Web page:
A Case of "Told You So?"
Anyone with any exposure to the world of Curtis Banks recently will have heard us banging on about the worries of some firms exploiting loopholes in the pension rules, particularly taking unauthorised payments to accelerate the removal of funds from a scheme.
We were not surprised then to read in an article that the FSA have made warning noises about the suitability of this, and have said that it is likely to be in breach of TCF.
It would be easy just to be smug and say "told you so" but it's an important issue. Headlines equating FSA negativity with SIPPs aren't good for our industry, particularly in the wake of all the press generated by the Freedom SIPP debacle. It starts to give the impression that SIPPs are "dodgy products", something the industry as a whole doesn't deserve.
Another worry is over-reaction by the authorities; the "poking an angry bear with a pointy stick scenario" we highlighted before. Unauthorised payments aren't the only thing that concerns me; Scheme Pensions are another area where I'm worried that some firms are pushing the rules too far on what can be taken out. The last thing we want is the regulators deciding that the only forms of drawdown allowed from a SIPP or SSAS are USP and ASP. ASP in particular is very restrictive, it's no surprise that the industry is looking at alternatives, but if we push our luck too far it may backfire badly.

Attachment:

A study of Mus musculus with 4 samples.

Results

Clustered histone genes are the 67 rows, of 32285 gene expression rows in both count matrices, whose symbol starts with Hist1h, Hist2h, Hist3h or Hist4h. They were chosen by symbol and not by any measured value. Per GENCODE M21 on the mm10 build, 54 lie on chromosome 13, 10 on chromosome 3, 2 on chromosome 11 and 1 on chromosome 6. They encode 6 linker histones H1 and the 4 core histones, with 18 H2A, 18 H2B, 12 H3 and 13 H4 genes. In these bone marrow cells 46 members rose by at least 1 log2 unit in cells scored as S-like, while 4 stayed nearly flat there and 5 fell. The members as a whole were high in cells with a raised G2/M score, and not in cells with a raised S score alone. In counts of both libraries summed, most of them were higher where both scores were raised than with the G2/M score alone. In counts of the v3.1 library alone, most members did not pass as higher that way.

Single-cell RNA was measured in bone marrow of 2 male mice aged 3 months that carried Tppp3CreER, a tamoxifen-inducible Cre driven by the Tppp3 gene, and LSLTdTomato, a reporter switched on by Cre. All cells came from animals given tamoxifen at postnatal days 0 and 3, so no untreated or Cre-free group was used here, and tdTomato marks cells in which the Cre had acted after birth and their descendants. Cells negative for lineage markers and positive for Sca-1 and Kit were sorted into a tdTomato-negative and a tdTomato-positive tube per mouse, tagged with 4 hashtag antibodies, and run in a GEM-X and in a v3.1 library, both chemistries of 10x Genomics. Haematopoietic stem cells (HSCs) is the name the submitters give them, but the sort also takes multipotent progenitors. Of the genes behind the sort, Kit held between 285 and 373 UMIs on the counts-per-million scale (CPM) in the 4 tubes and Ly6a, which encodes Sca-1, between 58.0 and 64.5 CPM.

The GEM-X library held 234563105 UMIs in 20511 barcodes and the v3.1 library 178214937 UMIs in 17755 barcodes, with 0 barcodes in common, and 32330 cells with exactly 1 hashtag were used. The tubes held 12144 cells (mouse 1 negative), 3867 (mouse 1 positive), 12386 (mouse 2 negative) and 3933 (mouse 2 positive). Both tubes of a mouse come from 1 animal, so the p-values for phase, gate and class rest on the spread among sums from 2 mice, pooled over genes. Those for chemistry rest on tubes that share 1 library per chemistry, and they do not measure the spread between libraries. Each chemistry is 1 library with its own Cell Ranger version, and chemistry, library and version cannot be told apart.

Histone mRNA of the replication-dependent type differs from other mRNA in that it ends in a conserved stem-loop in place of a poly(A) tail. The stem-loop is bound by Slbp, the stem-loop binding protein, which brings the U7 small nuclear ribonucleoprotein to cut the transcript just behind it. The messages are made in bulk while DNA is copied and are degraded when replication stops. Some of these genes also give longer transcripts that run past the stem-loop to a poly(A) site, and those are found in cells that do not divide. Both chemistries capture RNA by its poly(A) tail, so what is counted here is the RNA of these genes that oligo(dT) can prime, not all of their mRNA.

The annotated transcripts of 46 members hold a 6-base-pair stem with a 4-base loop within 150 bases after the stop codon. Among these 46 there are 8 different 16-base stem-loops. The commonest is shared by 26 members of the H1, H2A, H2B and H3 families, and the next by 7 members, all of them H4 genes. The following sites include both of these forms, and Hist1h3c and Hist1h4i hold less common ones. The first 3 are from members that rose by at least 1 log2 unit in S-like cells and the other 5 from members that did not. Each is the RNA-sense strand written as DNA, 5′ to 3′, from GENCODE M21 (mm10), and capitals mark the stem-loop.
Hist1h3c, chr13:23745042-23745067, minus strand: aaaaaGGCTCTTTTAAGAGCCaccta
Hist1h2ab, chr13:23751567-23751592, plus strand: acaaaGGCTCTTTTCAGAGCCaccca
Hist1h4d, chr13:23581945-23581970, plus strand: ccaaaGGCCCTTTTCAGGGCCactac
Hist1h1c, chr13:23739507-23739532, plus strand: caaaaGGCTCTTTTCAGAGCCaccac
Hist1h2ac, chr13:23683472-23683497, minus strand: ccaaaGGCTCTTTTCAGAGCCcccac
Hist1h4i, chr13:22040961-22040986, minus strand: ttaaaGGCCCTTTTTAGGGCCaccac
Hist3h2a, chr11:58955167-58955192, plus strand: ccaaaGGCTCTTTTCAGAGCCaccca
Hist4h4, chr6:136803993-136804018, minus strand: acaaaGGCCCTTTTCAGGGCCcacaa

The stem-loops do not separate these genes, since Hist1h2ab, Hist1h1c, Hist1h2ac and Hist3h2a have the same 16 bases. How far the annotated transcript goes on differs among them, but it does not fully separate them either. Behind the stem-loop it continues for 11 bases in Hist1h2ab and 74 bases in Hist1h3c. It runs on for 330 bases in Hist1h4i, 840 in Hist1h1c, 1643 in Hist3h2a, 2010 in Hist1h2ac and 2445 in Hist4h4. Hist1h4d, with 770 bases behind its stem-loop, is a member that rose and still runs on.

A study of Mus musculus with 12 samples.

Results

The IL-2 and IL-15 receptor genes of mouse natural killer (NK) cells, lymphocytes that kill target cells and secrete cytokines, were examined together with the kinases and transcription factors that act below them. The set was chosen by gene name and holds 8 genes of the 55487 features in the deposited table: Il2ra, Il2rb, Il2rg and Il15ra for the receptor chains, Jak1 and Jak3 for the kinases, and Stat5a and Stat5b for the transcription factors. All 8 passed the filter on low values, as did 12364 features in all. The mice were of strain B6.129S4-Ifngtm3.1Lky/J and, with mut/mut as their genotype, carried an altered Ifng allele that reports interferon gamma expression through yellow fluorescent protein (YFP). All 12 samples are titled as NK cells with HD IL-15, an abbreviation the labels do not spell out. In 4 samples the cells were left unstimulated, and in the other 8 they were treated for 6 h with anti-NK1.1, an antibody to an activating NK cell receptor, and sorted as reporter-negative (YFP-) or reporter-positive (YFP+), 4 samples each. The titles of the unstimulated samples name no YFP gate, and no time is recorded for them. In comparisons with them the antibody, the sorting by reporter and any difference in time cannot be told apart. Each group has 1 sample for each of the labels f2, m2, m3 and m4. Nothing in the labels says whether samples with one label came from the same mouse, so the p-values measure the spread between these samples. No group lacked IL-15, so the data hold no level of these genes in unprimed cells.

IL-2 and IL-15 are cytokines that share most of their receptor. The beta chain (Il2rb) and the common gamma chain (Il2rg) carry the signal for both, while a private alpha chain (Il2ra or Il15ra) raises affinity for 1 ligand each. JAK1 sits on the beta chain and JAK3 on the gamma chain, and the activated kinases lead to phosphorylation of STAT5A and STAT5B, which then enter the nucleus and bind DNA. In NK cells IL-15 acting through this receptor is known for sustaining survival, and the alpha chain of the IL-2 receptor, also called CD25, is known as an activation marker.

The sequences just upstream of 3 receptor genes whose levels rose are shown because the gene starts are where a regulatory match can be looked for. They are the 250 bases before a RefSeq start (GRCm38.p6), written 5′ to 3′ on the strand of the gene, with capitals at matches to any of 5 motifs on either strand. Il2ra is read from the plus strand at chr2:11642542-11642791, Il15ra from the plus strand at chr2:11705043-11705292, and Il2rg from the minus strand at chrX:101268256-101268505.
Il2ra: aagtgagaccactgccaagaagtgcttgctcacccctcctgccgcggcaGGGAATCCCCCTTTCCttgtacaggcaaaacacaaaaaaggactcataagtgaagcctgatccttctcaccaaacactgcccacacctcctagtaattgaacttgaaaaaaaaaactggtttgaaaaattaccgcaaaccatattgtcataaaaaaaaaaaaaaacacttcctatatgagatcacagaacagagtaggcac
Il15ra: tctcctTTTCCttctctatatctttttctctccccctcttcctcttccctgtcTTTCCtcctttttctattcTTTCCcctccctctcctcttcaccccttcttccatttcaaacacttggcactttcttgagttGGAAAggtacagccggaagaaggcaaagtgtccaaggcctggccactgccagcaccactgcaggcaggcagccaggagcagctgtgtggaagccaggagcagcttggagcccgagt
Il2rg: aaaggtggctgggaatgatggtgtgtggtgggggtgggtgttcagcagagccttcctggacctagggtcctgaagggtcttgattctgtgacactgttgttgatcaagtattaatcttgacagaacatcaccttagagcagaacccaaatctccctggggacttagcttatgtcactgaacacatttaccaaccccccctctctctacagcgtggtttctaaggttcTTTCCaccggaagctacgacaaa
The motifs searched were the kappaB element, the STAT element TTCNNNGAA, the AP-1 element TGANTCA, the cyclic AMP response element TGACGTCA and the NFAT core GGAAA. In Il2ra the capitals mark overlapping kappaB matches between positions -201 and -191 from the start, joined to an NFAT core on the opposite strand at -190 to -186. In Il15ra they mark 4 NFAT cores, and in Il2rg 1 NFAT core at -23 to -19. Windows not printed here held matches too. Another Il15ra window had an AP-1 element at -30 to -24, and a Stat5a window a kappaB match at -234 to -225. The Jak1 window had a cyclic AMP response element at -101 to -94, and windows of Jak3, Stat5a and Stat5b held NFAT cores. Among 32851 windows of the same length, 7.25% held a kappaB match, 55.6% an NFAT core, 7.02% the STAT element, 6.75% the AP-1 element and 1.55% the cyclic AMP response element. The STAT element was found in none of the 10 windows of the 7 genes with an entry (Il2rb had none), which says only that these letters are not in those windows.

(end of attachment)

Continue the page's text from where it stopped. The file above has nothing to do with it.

It makes me wonder whether our industry should reach its own consensus on what it thinks is OK, rather than waiting for the regulators to decide. Self regulation as a regulatory structure clearly has had its day but the industry influencing debatable practices has to be a positive. Not only can the authorities over-react, they can be slow-moving and this isn't good for the end result either. Having an industry view on what is OK rather than simply waiting to be told off may help our image and prevent things getting out of hand.